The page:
One of the age-old questions for workers is how they are classified, are you an employee or an independent contractor? Believe or not, but that classification significantly impacts your rights as a worker. Employees are entitled greater protections whereas independent contractors enjoy more flexibility in their business (nominally more flexibility). This post will go over some of the differences between independent contractors and employees.
Independent contractors (or consultants) are nominally independent. They typically operate their own business which works in conjunction with the employer’s business on specific jobs or contracts. Employees, by contrast, are hired by the employer and work there indefinitely (or until fired). The employee performs a particular function on an indefinite basis.
For example, you hire a painter to paint your home. The painter is your independent contractor, not employee, because you hire the painter for one job, to paint your home, and it is based on one contract. Conversely, if you owned an apartment complex and you hire a handyman to fix odds and ends all over your property and act as a jack-of-all-trades acts closer to your employee because he performs functions and works for you for an indefinite duration.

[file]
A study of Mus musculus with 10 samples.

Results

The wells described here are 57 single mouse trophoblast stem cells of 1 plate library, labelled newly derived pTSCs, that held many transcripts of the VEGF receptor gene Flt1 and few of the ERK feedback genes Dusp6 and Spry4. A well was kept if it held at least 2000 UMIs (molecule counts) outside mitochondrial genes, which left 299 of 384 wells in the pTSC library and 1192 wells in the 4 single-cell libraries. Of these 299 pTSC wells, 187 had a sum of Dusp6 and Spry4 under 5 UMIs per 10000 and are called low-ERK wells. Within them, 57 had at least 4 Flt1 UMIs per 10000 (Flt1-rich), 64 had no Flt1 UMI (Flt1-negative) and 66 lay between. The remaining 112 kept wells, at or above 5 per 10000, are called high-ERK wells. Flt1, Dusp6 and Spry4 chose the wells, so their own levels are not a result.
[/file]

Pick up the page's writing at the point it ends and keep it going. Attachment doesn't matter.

The distinction is critical because it determines if you qualify for legal protections extended to employees.
If you are engaged in an employment dispute, then you may want to contact a lawyer – you could have an actionable employment claim. Employers frequently misclassify their workers to avoid obligations traditionally imposed on employees. If you were misclassified, that would give rise to an employment-related dispute. You are denied benefits, such as workers’ compensation and unemployment if you’re not properly classified. A lawyer can help you obtain compensation for your denied benefits.